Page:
As we approach the inevitable end of our lives, we all begin to get things “in order.” You may set up a will, you may want to transfer title to your home to your living relatives before you pass but this could cause an unnecessary expense for your heir.
Usually, when we pass property through a will, the receiving heir receives the property at a stepped-up basis which means the property will transfer at fair market value at the time of the death and that becomes the cost basis for the heir. If your heir sells the property at that fair market value, there would be no gain and no capital gains tax due.
But, if you were to gift the property to your heir before death, they would not only get the property they would also get the original cost basis of the property. The transfer of title (Quit Claim Deed) will not trigger the capital gains tax but when your heir sells, the gain will be calculated by subtracting the basis from the sale price leaving a capital gain subject to tax. The person receiving the gift will not get the stepped-up basis.
There are certainly advantages to transferring property before death. The transfer takes place without having to wait for your death and will bypass the probate process to settle the will. Another advantage to the donor may be to remove the property from the owner’s name which could lower the taxable estate.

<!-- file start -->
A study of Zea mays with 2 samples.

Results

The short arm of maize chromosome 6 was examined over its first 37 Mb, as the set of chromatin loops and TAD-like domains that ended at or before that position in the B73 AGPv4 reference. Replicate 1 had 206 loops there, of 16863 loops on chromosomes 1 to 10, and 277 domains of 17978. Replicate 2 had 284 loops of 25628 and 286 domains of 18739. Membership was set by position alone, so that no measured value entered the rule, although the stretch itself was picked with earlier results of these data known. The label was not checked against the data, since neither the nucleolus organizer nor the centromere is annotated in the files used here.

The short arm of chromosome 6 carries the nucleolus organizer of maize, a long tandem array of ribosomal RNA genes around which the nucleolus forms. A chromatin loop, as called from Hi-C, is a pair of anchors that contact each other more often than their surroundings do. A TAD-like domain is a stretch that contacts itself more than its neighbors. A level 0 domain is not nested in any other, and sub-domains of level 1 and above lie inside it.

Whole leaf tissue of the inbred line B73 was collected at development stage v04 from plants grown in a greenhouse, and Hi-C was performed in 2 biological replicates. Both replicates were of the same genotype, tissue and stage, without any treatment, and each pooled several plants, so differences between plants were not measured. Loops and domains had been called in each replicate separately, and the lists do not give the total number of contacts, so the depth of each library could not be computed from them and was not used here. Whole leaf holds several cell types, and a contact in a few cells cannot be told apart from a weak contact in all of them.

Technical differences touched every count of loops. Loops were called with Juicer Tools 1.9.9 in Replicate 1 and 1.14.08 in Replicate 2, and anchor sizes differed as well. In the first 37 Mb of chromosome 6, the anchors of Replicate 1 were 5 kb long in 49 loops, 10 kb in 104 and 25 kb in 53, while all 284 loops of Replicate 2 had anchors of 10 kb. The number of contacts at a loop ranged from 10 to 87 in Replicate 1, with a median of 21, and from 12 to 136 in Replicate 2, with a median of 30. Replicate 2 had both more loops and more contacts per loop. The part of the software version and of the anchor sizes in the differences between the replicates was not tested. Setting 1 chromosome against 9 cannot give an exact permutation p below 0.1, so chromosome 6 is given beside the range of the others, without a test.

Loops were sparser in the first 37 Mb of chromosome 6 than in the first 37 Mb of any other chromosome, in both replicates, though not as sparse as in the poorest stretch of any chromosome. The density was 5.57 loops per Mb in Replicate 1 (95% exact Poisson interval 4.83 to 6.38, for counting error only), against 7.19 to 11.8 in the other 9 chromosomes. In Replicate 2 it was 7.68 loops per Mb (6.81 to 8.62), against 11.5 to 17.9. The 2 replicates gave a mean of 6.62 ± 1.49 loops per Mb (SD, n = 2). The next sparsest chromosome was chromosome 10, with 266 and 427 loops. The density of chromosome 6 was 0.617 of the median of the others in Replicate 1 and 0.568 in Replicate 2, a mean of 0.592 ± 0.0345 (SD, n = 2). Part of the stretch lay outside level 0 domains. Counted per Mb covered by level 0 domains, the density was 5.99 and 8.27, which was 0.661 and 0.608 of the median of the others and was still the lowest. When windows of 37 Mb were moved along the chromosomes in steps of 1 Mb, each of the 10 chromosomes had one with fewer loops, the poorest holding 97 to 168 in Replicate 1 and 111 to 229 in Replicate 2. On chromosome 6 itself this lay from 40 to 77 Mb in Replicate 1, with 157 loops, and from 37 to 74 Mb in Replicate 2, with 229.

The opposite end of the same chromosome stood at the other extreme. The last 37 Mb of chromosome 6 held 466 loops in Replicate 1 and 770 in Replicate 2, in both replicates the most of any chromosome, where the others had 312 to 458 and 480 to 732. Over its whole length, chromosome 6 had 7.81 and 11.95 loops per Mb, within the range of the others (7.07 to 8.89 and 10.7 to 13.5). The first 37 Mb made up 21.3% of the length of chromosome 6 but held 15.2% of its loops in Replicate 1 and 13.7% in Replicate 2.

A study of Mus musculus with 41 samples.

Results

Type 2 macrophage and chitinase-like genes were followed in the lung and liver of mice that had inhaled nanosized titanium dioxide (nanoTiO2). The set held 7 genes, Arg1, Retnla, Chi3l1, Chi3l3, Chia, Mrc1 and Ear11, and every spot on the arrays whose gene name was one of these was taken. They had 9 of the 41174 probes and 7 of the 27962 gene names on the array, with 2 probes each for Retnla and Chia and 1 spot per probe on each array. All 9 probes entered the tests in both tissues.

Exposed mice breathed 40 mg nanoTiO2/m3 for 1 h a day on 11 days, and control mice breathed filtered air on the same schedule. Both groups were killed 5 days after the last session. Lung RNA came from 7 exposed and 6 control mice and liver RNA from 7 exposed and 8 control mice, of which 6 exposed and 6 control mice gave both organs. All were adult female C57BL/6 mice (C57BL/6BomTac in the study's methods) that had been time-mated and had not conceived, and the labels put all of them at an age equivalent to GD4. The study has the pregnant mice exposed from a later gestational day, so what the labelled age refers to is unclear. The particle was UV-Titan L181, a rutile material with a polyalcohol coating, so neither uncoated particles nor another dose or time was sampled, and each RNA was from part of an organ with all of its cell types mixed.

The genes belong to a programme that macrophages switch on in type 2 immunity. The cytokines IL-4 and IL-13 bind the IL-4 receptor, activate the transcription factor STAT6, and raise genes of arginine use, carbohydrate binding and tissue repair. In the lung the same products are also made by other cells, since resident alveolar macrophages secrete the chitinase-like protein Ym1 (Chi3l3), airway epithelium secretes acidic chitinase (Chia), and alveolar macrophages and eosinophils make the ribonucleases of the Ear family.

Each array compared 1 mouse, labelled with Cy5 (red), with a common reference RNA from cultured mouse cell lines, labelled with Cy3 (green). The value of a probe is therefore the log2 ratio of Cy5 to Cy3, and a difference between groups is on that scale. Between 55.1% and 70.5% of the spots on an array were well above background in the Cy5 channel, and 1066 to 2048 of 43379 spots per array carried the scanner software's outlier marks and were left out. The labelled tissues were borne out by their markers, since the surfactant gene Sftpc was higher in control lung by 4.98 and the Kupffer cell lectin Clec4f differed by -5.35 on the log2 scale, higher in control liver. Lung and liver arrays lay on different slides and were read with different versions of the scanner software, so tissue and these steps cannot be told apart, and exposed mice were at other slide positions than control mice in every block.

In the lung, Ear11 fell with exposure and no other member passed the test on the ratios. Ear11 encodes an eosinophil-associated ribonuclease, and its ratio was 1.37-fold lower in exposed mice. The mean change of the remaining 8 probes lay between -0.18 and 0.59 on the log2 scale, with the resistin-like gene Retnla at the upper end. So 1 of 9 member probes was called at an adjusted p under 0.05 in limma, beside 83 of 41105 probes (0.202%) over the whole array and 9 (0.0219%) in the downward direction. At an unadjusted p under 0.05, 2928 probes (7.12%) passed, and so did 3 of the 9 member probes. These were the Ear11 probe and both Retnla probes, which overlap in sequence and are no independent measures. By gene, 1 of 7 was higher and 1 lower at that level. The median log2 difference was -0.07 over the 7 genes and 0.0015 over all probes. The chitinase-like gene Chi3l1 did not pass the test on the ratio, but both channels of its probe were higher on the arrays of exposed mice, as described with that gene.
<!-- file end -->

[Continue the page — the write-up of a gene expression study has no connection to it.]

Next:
You may need to transfer the title of your home before death so you can qualify for Medicaid. The value of your home may make you ineligible. But be careful with this move since Medicaid has a five-year look-back penalty. That means that from the time you apply for Medicaid long-term care, they can look back five-years to make sure you didn’t sell or gift a large asset at below market value. If they discover this, then that sets up a penalty of x.xx dollars per month which means you are penalized with x months of ineligibility. This amount differs by state and sometimes geographical locations. The number of months would be calculated based on how far below the sell or gift was to market value.
Once you deed the property to an heir, you lose control of that property and it cannot be reversed. Depending on your home’s value, there could be gift or estate tax implications. You may run into capital gains tax consequences.
If the heir receiving the gift has creditors or judgments, the gift becomes an asset subject to those creditors or judgments.
Even though the mechanics of transferring title to a property is simple, there are many things to consider for both the person giving the property and the one receiving it. I suggest you consult an attorney and tax professional to determine the best-informed decision available. There could be other alternatives that would better serve your situation.